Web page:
I open the email and read that I’ve been longlisted. And I’m delighted. Of course I’m delighted.
But I also feel that I should be more thrilled than I am. And then I feel guilty and ungracious for that feeling, because ultimately, what this means is that several people have read my work and they’re giving me positive feedback. What right do I have to feel disappointed? I check myself. It’s not because I believe my work is so brilliant that it deserves to win – so what’s my problem?
Much like the bird that has been feeding her hatchlings in the eaves of my studio every 15 minutes throughout the day for weeks, patiently working and waiting for a time when she can safely nudge them out of the nest, I bide my time and watch for the right moment before I nudge my work into the world. I want it to have the best chance of taking flight.
Submitting something for publication or a competition is daunting and it’s a process that I’ve only recently started to go through with my novel. In the case of this longlist news, it’s the first time that I’ve sent a large chunk of my novel out into the unknown and I think the reason I’m not feeling ecstatic about being longlisted is related to the way the news was delivered.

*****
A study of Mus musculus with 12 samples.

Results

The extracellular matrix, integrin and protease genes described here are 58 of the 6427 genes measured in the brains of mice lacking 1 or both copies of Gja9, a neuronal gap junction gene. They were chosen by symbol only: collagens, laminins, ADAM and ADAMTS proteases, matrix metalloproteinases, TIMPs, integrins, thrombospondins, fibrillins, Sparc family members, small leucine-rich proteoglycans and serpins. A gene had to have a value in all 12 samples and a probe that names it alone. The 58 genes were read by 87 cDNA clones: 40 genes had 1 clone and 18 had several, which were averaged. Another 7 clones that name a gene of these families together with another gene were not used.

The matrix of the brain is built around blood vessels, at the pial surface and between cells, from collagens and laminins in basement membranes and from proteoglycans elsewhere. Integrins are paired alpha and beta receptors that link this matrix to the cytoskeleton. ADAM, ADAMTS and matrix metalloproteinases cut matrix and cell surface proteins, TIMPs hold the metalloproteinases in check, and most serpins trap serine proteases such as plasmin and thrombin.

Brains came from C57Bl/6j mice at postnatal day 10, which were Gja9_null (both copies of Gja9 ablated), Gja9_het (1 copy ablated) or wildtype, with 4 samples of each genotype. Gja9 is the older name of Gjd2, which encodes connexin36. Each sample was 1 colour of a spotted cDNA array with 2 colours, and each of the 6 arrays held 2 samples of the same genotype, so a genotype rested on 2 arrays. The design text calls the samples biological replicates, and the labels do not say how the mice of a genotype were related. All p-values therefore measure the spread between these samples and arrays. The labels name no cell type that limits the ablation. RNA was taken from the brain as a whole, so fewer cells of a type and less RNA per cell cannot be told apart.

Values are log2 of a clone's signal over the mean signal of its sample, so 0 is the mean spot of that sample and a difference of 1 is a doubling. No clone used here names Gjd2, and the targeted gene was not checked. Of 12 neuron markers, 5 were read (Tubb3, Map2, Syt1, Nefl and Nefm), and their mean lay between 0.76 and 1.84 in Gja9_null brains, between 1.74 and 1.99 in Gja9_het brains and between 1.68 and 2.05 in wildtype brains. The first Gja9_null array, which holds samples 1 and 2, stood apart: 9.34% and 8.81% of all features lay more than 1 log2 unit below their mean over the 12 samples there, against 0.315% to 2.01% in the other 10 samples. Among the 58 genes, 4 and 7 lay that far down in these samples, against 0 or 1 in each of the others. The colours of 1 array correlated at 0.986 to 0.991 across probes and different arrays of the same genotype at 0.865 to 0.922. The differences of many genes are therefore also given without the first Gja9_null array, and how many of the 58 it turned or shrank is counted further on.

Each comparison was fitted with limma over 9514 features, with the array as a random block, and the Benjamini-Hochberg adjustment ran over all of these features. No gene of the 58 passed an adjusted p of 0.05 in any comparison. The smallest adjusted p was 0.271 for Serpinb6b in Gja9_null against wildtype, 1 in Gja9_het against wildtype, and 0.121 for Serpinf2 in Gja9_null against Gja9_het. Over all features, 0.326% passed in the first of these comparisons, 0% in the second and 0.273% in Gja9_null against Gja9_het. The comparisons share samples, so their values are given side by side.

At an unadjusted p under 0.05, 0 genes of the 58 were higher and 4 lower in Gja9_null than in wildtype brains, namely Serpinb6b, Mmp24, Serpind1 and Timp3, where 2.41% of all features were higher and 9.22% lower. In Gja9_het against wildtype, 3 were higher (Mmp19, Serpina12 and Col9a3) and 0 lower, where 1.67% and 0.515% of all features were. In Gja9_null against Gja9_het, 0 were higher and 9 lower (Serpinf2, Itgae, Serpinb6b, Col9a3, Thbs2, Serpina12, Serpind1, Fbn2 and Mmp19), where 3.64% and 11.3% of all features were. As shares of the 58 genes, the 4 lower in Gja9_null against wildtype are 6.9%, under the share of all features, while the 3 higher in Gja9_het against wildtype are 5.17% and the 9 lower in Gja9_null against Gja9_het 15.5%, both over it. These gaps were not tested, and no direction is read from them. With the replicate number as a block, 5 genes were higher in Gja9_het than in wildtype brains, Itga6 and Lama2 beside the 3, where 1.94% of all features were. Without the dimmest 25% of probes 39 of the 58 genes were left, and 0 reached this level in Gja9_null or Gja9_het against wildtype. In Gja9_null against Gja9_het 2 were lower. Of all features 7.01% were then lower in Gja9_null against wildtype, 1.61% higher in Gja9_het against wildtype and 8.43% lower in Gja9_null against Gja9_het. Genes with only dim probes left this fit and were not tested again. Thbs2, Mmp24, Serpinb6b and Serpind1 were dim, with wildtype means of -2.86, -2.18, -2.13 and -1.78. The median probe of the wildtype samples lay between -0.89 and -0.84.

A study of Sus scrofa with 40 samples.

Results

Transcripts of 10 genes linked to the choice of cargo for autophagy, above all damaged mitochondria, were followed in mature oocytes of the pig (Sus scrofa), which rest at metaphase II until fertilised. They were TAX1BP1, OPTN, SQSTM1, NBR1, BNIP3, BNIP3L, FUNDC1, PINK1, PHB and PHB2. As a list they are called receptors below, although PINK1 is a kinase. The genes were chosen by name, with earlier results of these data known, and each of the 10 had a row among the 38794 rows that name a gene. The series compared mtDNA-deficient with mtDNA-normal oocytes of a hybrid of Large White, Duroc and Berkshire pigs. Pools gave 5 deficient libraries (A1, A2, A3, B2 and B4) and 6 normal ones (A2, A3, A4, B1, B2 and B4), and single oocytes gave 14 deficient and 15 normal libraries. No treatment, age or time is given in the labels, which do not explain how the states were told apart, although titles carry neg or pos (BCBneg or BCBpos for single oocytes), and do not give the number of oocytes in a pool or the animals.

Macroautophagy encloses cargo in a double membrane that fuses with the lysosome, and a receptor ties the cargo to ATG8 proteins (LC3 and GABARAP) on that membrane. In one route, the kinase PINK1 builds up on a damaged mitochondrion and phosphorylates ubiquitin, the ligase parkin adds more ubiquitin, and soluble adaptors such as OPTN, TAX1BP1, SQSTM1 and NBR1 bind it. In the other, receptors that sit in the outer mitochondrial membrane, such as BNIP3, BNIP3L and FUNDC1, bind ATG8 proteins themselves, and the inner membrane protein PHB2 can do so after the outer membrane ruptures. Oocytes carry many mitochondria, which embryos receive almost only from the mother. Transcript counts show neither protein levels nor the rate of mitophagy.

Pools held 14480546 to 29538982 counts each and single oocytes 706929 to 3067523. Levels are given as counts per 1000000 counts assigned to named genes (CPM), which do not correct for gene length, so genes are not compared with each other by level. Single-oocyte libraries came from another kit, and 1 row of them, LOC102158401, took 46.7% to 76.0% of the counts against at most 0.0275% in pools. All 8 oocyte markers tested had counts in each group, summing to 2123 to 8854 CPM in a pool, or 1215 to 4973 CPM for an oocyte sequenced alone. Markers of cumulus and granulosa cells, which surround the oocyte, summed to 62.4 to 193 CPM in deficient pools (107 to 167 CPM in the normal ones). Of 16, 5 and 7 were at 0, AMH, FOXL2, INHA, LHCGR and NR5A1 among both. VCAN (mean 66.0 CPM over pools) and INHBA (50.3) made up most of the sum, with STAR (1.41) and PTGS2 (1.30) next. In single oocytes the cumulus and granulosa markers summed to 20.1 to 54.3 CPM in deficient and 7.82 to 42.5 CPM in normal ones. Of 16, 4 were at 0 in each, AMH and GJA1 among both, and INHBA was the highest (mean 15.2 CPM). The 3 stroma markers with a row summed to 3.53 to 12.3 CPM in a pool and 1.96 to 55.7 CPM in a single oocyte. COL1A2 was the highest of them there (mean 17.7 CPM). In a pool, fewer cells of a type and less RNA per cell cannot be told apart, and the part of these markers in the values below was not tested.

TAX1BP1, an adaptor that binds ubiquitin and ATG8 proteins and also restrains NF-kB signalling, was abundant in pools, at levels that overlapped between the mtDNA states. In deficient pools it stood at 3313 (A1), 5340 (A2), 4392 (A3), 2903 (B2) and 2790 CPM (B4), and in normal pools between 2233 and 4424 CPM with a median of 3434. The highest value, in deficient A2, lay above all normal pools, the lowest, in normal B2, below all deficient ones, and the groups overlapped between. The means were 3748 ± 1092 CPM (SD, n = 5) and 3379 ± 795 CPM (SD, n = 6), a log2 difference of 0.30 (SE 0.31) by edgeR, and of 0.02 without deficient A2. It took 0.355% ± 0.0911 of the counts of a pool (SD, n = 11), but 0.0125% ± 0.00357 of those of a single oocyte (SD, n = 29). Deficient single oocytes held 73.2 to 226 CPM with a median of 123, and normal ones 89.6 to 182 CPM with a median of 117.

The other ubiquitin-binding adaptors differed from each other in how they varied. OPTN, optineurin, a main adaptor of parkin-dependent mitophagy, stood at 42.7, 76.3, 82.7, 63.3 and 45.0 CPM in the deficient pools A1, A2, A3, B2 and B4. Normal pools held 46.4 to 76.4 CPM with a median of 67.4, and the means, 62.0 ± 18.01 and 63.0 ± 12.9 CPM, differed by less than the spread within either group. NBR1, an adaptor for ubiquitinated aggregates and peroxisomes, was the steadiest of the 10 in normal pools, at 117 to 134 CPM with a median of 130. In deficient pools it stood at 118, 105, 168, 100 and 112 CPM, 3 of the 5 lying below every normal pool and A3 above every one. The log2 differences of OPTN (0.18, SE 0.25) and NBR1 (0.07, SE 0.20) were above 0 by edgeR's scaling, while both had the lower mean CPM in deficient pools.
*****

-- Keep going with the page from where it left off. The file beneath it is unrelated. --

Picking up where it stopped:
In the same email where I read I’ve been longlisted, I also read that I haven’t been shortlisted. The two pieces of news arrive together and cancel each other out. Like a shit sandwich, with only once slice of good stuff; an open sandwich, if you like.
Maybe if I’d heard a couple of weeks ago that I’d been longlisted, I would have been over the moon and my hopes of winning would have been higher. Perhaps if the news had been delivered that way, I would be even more devastated right now to hear that I haven’t actually won. Who can say? The end result is the same, I made the longlist but I can’t justify cracking open anything bubbly.
What it tells me is that U have more work to do. My work doesn’t quite have enough muscle and feathers yet to fly, but it shows promise and my hopes in it aren’t entirely misplaced.